NIAGARA FALLS – Louis Ricciuti, director of the Niagara Preservation Coalition, said Monday that the company that seeks to overturn the Maid of the Mist Corp. contract for boat rides at Niagara Falls helped him set up his group.

Ricciuti’s group, which he said has about a dozen members, obtained a temporary restraining order Friday barring the Maid of the Mist from further work on the site of its planned new docks and boat maintenance facility on the American side of the Niagara River.

The Maid had to arrange such a facility after Hornblower Cruises, the California company seeking to force competitive bidding for the New York contract, won a bid against the Maid for service from the Ontario side.

The state Office of Parks, Recreation and Historic Preservation allowed the Maid to begin work on the new facility while continuing its contract for rides. Hornblower sued, saying the no-bid contract is illegal.

Last week, the Preservation Coalition filed a suit contending that the Maid’s plans would damage a historic site – the remains of the Schoellkopf Power Station – as well as potentially cause environmental damage. Hornblower’s local attorney, John P. Bartolomei, said the Hornblower-Ricciuti connection is irrelevant. “What does that have to do with whether this whole deal is corrupt?” he asked.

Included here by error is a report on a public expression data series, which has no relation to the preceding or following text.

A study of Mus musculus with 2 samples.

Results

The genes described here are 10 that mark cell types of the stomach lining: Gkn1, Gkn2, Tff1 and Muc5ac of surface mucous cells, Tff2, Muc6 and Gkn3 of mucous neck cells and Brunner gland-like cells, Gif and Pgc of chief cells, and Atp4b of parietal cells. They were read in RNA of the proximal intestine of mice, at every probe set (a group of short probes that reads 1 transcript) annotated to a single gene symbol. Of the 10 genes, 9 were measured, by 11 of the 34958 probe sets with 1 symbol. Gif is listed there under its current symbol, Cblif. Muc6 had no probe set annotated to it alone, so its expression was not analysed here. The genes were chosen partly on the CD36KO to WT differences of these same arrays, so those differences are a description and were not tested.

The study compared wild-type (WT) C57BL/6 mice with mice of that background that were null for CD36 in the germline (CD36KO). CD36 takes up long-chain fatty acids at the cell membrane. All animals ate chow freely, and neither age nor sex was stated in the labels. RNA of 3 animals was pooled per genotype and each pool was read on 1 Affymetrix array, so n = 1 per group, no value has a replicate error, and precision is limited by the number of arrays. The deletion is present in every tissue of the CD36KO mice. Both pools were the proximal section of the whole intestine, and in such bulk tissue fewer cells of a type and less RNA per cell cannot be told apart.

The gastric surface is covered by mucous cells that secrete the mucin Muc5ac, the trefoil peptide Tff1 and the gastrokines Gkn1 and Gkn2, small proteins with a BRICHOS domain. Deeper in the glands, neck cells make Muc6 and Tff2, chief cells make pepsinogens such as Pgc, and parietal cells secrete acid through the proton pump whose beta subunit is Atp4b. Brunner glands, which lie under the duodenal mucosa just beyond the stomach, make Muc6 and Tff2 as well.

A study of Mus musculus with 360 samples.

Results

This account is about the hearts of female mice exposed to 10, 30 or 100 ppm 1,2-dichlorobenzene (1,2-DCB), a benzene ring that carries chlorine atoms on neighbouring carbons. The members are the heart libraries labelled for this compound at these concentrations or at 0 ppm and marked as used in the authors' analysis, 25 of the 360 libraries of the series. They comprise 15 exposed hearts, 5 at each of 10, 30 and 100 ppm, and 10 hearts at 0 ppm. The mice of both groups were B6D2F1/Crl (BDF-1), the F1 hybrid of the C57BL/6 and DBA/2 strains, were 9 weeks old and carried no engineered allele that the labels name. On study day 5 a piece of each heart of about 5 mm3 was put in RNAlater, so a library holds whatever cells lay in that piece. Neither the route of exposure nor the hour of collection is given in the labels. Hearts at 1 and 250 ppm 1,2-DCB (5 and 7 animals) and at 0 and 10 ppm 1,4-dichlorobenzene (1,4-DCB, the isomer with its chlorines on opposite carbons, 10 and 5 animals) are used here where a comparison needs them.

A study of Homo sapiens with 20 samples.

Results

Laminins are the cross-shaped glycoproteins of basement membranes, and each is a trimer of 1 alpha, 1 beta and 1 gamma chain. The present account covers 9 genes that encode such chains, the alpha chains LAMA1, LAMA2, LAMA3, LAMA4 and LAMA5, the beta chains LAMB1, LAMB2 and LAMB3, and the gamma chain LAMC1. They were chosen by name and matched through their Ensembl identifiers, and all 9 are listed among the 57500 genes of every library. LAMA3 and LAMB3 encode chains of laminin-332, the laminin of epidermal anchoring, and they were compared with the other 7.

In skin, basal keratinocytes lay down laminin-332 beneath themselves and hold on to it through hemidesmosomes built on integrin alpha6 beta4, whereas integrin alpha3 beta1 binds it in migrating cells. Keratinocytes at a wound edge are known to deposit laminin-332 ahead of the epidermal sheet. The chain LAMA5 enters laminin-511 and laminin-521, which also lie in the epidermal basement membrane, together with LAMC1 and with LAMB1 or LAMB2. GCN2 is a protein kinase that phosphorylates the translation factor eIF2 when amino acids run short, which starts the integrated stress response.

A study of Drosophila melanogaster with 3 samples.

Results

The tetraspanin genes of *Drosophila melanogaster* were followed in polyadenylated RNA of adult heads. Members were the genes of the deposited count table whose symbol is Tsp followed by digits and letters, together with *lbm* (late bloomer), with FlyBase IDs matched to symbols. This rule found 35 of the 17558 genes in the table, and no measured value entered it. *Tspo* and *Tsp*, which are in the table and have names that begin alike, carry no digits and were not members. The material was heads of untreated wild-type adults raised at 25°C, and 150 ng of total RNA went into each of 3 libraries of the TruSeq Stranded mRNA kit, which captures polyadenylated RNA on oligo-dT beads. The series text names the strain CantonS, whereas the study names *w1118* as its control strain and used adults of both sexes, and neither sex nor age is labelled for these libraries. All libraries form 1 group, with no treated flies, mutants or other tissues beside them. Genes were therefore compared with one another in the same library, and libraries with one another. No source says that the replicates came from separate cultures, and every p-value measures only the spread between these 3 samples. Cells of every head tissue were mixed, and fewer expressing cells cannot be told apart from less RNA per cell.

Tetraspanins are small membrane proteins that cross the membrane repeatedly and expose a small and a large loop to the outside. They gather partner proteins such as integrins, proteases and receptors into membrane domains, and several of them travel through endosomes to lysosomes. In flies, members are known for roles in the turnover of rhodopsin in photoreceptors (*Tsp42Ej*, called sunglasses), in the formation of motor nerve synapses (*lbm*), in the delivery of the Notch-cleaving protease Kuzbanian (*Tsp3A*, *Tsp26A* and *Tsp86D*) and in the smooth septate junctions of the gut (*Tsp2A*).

Those issues will have their first hearing Thursday in State Supreme Court.

Ricciuti said that when he learned of Gov. Andrew M. Cuomo’s decision last fall to continue the state’s relationship with Maid of the Mist Corp. without bidding, he was “livid” and phoned Hornblower CEO Terry MacRae.

“I told him that I was involved in environmental research,” said Ricciuti, who is known for his activism in that field. “That site the Maid of the Mist was using has some environmental problems.”

MacRae seemed interested, according to Ricciuti. “He said he was going to put me in touch with his attorney,” Ricciuti said.

That attorney suggested that Ricciuti contact Linda R. Shaw, a Rochester environmental attorney who now represents the Preservation Coalition in court.

Ricciuti said he already knew Shaw, who suggested setting up a group. “We needed to have some standing in court,” he said.

On Feb. 20, the day after the New York Power Authority declared that the Maid project would not have a significant environmental effect, the Preservation Coalition filed a certificate of incorporation with the New York Department of State. The address that it gave was 335 Buffalo Ave., Niagara Falls, the same as Bartolomei’s office.

On Feb. 28, the address was changed to 345 Buffalo Ave., a building in the same complex as Bartolomei’s office. Also, the coalition’s first news release was sent out by the same New York City media relations firm that represents Hornblower.

“I asked Linda to stop that,” Ricciuti said. “The next one, I wrote myself.”